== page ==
The Prepared Advantage

At Allegheny General Hospital in Pittsburgh, PA, manager/executive chef Alan DelRosso utilizes a variety of prepared products for patient meals, the cafeteria and catering. And he's not alone: Operators continue to turn to food manufacturers for such products as vacuum-packed, ready-to-cook marinated salmon filets or pre-cooked meat for burritos and tacos. Food manufacturers are offering more value-added solutions, making products more convenient and labor-friendly for operators. At the same time, operators are pleasing customers, meeting the flavor profiles they're requesting while providing consistent quality.

In all three areas of his operation, DelRosso uses a versatile stuffed boneless chicken breast. "I season it, tray it and roast it. I do about 35 to 42 on a tray at once, which saves labor. Plus, it's a very consistent product. I've been using it for about six or seven years," he says.

At one point, the company discontinued the product, but because the item was so popular, he told the firm he wanted it back. "I promised how many cases we would use and they brought the product back on the market." To dress it up, DelRosso serves the chicken breast with a from-scratch sherry wine sauce or a supreme sauce. For catered functions, it's usually featured as a luncheon item, and he slices it down and fans it out on the plate with a decorative sauce.

Popular item: The 550-bed, acute-care facility, which daily serves about 3,500-4,000 meals, has a four-week-cycle cafeteria menu, on which the chicken breast appears twice. "We go through 400 every time. Patients are also requesting it on the one-week cycle menu, where it's offered as a dinner entree for unrestricted patients only. For diet-restricted patients, we make our own chicken, whether salt-free or fat-free," DelRosso explains.

Because he does a large volume of pasta dishes, he uses a prepared tomato sauce as the base sauce for a number of different recipes. "We like the flavor profile and easy storage. We also get the pasta out faster," DelRosso points out. "We're a 75% to 80% scratch operation, so we insert some prepared foods on the menu to alleviate some of the pressure on our cooks. It saves on labor, time, productivity and equipment." When producing a large volume of food with prepared sauce, he notes, staff can put the sauce right in the serving pan instead of needing a kettle.

A prepared Salisbury steak item also comes in handy. "When we produce them ourselves, after baking and bringing them up to temperature, they're still pink on the inside and we find the customer thinks they're not done. By using the prepared one, we haven't run into that problem. It helps with customer satisfaction and lowering food costs."

Reducing labor: Robert Rendulic, fsd for the Bethel Park School District, PA, oversees the operations for five elementary schools, two middle schools and one senior high school. He likes using prepared foods because "they save us labor and enable us to offer menu items that are skillfully prepared in a fraction of the time." He cites a stuffed shells entree as a perfect example. "We just make them up in a pan and serve them with prepared marinara sauce that we enhance. They look and taste homemade. Students really like them," Rendulic states.

He says the schools make a lot of cookies from prepared dough, enhancing the basic product with chocolate chips, sprinkles or other decorative and tasty additions. "We also do a lot of poultry, adding different sauces and herbs and spices and presenting them in different ways so they look more enticing. We do pasta primavera with frozen vegetables. We add other items and it looks and tastes homemade.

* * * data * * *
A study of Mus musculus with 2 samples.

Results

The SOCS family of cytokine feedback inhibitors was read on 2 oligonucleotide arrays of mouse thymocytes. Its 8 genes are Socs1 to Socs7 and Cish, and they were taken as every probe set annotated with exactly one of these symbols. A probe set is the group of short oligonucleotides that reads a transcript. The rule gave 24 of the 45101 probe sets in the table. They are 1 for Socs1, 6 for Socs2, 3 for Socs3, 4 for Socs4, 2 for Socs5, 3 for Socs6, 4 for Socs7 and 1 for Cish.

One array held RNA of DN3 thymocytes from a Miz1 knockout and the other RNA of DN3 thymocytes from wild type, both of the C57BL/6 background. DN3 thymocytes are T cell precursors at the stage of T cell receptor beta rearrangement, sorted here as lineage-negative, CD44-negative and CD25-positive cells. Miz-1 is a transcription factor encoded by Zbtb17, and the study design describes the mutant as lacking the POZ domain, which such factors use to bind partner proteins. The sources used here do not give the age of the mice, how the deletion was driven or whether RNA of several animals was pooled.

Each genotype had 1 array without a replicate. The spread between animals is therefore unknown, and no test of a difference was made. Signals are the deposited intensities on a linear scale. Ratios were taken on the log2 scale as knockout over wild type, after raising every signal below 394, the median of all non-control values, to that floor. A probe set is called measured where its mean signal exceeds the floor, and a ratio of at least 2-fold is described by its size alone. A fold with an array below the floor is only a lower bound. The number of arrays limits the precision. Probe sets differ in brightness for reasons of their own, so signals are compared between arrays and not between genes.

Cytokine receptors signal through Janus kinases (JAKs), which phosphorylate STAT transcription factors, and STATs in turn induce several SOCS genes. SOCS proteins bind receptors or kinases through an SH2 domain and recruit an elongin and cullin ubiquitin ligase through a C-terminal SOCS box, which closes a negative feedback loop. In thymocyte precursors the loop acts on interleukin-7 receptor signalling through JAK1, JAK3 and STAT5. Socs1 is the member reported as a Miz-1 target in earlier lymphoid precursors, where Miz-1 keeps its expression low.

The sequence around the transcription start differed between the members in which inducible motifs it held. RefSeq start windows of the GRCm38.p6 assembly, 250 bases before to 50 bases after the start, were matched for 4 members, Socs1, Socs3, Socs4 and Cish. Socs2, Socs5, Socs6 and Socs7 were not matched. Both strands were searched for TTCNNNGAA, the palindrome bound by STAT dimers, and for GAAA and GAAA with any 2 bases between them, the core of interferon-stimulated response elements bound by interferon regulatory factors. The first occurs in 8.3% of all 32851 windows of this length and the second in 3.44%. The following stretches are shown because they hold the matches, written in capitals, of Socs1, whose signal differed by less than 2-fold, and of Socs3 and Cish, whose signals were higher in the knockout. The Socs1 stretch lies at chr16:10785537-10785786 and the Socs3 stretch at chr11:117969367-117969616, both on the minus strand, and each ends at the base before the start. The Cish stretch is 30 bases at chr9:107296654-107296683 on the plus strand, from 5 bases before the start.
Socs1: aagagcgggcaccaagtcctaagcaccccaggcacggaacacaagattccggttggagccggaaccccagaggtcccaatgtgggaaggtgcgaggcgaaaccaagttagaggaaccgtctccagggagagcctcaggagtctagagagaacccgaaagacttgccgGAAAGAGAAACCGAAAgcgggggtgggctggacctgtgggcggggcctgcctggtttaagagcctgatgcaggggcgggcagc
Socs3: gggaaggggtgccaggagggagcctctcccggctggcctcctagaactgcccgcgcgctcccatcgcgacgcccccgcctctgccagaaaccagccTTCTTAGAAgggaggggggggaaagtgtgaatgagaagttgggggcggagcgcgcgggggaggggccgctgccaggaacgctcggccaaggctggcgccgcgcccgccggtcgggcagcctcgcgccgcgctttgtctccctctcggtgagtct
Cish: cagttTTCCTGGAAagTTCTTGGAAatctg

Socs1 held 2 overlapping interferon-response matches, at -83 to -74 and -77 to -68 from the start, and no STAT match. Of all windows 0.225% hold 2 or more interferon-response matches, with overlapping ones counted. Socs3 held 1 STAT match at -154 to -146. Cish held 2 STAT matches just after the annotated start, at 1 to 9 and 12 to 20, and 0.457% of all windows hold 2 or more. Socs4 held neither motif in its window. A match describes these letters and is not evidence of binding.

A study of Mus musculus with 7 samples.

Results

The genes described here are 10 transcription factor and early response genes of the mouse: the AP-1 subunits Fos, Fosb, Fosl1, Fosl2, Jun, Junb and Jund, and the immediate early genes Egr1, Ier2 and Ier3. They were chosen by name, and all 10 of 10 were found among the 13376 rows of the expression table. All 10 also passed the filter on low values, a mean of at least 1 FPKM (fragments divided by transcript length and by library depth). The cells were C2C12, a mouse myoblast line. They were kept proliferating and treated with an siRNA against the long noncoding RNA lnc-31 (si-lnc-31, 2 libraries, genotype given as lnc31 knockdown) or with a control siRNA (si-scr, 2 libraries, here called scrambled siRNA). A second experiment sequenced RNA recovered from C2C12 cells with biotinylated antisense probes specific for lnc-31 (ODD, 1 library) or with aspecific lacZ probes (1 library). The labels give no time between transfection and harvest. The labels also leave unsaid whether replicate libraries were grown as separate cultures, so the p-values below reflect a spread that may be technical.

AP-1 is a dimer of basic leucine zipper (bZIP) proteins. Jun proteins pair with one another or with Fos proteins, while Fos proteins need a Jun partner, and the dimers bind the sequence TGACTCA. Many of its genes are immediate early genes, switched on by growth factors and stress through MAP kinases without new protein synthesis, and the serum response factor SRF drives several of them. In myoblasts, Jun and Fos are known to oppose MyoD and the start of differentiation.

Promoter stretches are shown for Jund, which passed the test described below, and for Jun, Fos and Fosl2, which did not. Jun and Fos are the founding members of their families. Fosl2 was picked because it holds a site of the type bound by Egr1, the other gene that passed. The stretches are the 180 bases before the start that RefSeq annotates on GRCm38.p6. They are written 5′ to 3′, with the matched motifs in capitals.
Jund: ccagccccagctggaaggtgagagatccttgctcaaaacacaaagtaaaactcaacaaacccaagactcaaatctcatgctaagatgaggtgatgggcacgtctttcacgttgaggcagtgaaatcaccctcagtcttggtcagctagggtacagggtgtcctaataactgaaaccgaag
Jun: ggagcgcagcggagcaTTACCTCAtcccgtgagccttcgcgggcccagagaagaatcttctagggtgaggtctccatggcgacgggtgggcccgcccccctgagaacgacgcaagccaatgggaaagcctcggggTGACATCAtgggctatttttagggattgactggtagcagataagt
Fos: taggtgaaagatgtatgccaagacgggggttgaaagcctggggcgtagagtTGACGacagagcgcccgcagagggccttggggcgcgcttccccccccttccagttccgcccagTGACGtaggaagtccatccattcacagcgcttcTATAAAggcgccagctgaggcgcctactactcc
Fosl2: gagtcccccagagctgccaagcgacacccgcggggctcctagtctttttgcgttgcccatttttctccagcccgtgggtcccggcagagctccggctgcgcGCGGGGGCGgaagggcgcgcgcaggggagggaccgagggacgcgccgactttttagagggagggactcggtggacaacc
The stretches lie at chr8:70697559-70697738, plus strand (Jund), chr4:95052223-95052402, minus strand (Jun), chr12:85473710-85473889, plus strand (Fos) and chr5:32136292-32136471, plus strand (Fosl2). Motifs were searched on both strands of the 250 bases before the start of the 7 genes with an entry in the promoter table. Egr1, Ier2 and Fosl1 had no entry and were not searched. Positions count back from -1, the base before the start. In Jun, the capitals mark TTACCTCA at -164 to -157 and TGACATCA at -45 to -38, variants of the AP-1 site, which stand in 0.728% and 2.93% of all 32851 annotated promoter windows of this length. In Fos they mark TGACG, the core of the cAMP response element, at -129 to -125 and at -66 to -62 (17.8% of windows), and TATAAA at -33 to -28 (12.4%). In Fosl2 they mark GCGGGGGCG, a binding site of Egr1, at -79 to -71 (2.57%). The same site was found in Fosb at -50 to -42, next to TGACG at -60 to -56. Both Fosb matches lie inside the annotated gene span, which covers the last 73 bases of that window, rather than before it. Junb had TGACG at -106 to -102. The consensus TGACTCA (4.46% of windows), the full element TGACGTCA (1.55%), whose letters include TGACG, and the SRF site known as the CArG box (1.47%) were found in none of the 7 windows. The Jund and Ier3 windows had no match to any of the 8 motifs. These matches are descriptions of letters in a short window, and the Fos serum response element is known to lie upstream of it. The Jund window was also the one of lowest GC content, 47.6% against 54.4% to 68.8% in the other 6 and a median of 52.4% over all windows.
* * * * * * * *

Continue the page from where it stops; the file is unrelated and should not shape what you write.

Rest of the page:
"Presentation sells," he adds. "If an item's on the line and it's presented well, students are more apt to take it. Prepared foods help us increase the eye appeal of the foods we offer." Rendulic says he often gets meal requests from his young clientele and prepared items help him meet those demands. "In combination with our monthly commodity allotment, we're able to produce all our menus. With the prepared items, we use the commodity allotments to come up with a variety of nutritionally balanced meals." He offers eight to nine entrees daily in his middle and high schools.

Signature look: Paul Passafume, manager of foodservice, serves about 2,800 meals daily in a combination of patient, catering and cafeteria transactions at 563-bed Western Pennsylvania Hospital in Bloomfield. He says he purchases items that "give us the signature look we're looking for. We take a basic prepared product and enhance it to make it our signature item. These products absolutely help. They're probably the biggest labor savings of anything you can do."

For the tertiary acute-care facility, which is also a teaching hospital, Passafume offers a range of prepared Italian dishes, like lasagna and stuffed peppers, and then adds his own sauce.

"We have purveyors who make things just for us and we make our own sauces and garnishes or fresh vegetables to add to them. About 95% of the recipes we make here are from a scratch-type mode and then enhanced with convenience products. But everything we use is altered in some manner," he says.

One popular item is prepared chicken strips, which he puts in Caesar salad, fajitas, taco pizza and spicy Buffalo pizzas. "We take some basic strips and chop them up. Because we make a lot of things from that basic item, we enhance our kitchen efficiency. In fact, we will alter menus to bring those kinds of items on to create new selections."

Enhancing creativity: Passafume approaches his catering menus a little differently with prepared foods. "Many times I create a verbal menu for an event on the spot. But I can go ahead and create meals knowing that I have these convenience items on hand. Storing the items helps control inventory, too."